The Department for Work and Pensions plans to require providers of workplace pensions to signpost guidance whenever savers look to access or transfer their pots.
FTAdviser understands the regulations will require trustees and managers of occupational schemes to present taking pension guidance as a “natural” part of the process when looking to access or transfer a pension.
At the point in which a saver indicates they would need to take guidance, providers will be expected to incorporate booking an appointment with Pension Wise into the process.
According to the DWP, these proposals follow successful trials which found people were more likely to get guidance when their provider explained the nature and purpose of Pension Wise and booked an appointment on their behalf.
Pensions minister Guy Opperman said: “I want taking guidance to become a natural part of the journey savers embark on when making decisions about their pension pots.
“These measures will advance the government’s goal of ensuring that people have the necessary support and information to make informed choices about their financial futures.”
As well as encouraging people to use Pension Wise, the DWP said these proposals will help protect savers from scams as they will be able to make more informed decisions.
But, Stephen Lowe, communications director at Just Group, said these proposals were “not good enough”.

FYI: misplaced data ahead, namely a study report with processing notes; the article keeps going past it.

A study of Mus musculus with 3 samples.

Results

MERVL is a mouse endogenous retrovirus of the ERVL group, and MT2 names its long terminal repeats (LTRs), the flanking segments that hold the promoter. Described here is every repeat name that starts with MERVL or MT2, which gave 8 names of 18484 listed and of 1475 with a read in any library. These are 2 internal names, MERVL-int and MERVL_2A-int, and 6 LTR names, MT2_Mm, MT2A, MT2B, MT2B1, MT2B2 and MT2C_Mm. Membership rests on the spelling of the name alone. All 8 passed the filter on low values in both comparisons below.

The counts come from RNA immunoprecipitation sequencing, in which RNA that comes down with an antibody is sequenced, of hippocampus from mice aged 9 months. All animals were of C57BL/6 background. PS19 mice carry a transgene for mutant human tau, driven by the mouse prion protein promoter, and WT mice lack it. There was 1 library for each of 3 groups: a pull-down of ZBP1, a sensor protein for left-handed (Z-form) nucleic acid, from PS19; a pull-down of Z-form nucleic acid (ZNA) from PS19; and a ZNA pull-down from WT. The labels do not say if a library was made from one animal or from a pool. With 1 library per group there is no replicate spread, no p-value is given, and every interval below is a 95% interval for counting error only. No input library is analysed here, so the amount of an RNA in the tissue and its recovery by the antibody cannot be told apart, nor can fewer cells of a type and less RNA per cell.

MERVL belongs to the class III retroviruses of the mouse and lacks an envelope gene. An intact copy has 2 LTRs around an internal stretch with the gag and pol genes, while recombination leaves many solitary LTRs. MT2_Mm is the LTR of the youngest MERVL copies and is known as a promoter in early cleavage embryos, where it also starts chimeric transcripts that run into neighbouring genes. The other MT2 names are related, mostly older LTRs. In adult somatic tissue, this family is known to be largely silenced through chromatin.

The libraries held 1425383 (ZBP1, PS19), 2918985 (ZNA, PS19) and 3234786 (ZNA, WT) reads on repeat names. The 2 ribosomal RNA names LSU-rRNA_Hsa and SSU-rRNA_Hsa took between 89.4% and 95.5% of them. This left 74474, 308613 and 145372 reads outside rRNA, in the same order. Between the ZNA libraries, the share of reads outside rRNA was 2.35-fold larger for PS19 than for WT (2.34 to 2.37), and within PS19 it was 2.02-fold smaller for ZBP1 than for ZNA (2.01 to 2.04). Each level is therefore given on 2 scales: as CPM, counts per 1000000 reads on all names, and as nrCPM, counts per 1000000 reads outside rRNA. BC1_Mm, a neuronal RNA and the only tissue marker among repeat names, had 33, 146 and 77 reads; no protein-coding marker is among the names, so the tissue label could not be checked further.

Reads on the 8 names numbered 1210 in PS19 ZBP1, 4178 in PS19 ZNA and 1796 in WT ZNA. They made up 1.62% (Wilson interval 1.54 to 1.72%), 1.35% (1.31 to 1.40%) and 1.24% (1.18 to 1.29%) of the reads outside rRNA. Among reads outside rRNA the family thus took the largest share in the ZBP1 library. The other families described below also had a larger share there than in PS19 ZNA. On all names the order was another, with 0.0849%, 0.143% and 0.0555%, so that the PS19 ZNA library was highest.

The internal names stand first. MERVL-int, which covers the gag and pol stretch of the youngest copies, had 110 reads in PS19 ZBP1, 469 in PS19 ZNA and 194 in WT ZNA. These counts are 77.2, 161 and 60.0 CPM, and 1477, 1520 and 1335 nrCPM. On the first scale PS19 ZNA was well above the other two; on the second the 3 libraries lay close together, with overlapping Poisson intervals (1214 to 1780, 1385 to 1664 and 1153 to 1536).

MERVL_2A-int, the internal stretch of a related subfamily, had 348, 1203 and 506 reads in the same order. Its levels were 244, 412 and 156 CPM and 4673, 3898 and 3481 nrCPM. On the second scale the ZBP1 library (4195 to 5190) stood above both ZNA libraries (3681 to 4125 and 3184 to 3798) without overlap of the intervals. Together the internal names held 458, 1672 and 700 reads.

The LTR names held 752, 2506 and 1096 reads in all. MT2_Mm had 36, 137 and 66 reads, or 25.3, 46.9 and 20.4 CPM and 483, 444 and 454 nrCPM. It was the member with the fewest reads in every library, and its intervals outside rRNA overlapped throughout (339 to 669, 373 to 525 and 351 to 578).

He said: “It is telling that Guy Opperman has revealed in Parliament that he will not set any targets for the success of these proposals to boosting guidance appointment numbers. That means there will be no yardstick against which to hold the government to account.
“At best, the approach outlined by the minister will encourage a few thousand more Pension Wise appointments each year.
“But with increasing numbers accessing pensions and fewer taking guidance or regulated advice, that will still leave hundreds of thousands of pension savers each year wide open to ill-informed decisions and scams.”
Meanwhile, he said automatically booking appointments for savers could be the way forward.
Mr Lowe added: “Automatically booking guidance appointments is a creditable way to ensure that all pension savers, regardless of how finance or pension-savvy they are, know about the free, independent and impartial Pension Wise service that can help them.”
Back in June, the House of Lords brought an amendment to the Pension Schemes Bill to make it mandatory for individuals to seek guidance from sources such as the Money and Pensions Service in certain circumstances, for example where advice is not compulsory.
But some in the industry have argued savers need to be made more aware of the difference between guidance and advice before taking either.
Research from Just earlier this month (October 15) revealed confusion as to what constitutes advice means many pension savers think they have received regulated advice when in fact they have only received guidance.
The provider polled 1,000 people over the age of 55 in August and found of those who said they had received "advice" before accessing their pension, fewer than half (49 per cent) said they had seen a regulated financial adviser.